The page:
Garlic kills food bacteria

Alexandre Dumas, author of ‘The Three Musketeers’, described the air of the French region of Provence as being “particularly perfumed by the refined essence” of garlic. Old Alexandre may have been a touch optimistic in his use of the term “perfumed” but his attitude reflects the high regard that this herb has been held in for centuries, and now a new study has shown that garlic is indeed even more potent as a medicine than some modern pharmaceuticals.

The first ever garlic prescription that we have evidence of was written on a clay tablet and comes from the Sumerian civilisation in about 3000 BCE. Garlic was popular among many ancient civilisations from Europe to China although the pungent smell of garlic offended the Greeks and they did not allow people who ate it to enter some temples. Even the Greeks though recognised that garlic had singular powers. Greek athletes ate garlic before competition and Greek soldiers chewed it before battle.

Across many cultures there was an upper class dislike for garlic that arose mainly from the view that its smell indicated that it was ‘vulgar’ or common. The peasantry however, loved it and viewed it as a cure-all. Reports from England of the 16th century show that the peasants not only used it for themselves but also on their livestock to make them stronger. In the Elizabethan era the Latin word for antidote, ‘theriaca’, had become the English word ‘treacle’ meaning a cure-all. Garlic was known as this time as ‘poor man’s treacle’. Over the centuries though the upper class resistance to using garlic dropped, mostly out of necessity, and by World War I British, French and Russian medical officers were using Garlic to treat infected battle wounds. It is this antibacterial action of garlic that has been resoundingly proven in a new study.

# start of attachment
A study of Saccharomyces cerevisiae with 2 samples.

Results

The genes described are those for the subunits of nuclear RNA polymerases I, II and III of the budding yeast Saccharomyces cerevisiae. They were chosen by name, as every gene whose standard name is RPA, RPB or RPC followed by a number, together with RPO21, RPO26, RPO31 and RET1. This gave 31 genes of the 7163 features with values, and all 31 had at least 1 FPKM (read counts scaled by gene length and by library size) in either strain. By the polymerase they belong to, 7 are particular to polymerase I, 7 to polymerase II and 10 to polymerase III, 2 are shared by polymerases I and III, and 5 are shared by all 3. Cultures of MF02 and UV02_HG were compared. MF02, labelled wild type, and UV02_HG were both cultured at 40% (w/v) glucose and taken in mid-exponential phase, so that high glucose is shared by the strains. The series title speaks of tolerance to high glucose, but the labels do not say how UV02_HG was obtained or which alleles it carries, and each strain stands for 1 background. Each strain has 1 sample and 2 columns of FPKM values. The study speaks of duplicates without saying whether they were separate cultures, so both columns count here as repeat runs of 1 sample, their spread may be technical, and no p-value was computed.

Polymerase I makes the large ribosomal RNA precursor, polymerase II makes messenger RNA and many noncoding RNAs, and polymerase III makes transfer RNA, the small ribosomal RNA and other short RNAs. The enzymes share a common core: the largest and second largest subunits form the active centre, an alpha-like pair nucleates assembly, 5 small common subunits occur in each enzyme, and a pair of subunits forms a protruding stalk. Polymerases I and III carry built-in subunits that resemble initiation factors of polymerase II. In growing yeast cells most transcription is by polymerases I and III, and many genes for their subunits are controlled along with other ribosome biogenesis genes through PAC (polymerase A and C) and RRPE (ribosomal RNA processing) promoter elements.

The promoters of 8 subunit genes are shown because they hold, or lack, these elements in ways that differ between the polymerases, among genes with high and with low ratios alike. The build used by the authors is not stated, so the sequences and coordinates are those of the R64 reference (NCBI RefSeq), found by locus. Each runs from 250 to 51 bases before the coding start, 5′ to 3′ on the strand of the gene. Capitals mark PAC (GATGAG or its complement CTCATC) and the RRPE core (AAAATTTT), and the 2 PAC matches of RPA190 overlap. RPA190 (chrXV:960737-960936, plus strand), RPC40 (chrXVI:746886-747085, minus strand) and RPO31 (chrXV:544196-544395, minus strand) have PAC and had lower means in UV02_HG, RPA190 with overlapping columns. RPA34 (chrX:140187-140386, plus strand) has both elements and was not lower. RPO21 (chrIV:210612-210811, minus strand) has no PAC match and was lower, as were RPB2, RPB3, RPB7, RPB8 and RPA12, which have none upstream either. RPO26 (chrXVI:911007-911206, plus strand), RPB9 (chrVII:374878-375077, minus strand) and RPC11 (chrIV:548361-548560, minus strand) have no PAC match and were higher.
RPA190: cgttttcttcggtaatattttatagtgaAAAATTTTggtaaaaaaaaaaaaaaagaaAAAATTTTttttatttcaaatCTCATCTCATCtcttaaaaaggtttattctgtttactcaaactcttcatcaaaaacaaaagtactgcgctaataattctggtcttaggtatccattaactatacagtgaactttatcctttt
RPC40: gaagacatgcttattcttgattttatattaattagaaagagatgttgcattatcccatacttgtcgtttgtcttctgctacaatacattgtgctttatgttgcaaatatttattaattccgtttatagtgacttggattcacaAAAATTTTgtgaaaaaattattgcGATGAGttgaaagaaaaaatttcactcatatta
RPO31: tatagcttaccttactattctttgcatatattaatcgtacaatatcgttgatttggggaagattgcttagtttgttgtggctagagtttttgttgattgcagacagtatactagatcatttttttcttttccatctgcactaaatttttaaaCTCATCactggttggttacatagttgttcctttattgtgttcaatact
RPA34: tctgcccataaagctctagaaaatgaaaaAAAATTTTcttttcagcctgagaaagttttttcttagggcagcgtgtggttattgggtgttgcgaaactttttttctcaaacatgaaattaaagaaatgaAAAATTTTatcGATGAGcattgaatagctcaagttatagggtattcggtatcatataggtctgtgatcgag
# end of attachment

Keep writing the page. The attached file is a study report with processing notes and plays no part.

The new research focused on a bacterium called Campylobacter which is the most common bacterial cause of food-related illness. Symptoms of Campylobacter infection include diarrhoea, stomach cramping, abdominal pain, and fever. These bacteria are also responsible for causing 33 per cent of all known cases of a paralysing disorder known as Guillain-Barre syndrome.

Diallyl sulphide is a compound from garlic that has known antibacterial action and these researchers wanted to see how this compound might act against Campylobacter once it has formed a protective biofilm.

A biofilm is a collection of bacteria in which the organisms adhere to each other on a surface. These bacteria are embedded within a self-produced combination of DNA, proteins, and polysaccharides that acts like a polymer and which we call slime. Bacteria living in a biofilm have significantly different properties to bacteria living alone and they are more resistant to antibiotics (yet another argument for the joys of community living). Biofilms can grow in showers, in pipes, and on floors and bench surfaces that are not properly cleaned. They can also grow on food and in some cases antibiotics can become ineffective against them.

When the researchers tested a Campylobacter biofilm they found that it was 1000 times more resistant to antibiotics than free floating bacterial cells. Diallyl sulphide however, was able to penetrate the biofilm and combine with a sulphur containing enzyme in the bacteria, changing the enzyme’s function, and shutting down the bacteria’s metabolism.

The diallyl sulphide was found to be 100 times as effective as the antibiotics erythromycin and ciprofloxacin and also worked much faster.

This does not prove that garlic will prevent Campylobacter poisoning but it does show that diallyl sulphide will. The researchers says that it could be used both to deal with the bacteria in the environment as well as in cleaning industrial food processing equipment. In the meantime adding garlic to your food has a definite hygiene as well as taste function. If you want to go a step further, why not rub down those kitchen surfaces with a few bulbs of garlic? Your kitchen might have a slightly pungent scent to it, but just making breakfast every day will certainly clear the sinuses.

Terry Robson

Terry Robson

Terry Robson is the Editor-in-Chief of WellBeing and the Editor of EatWell.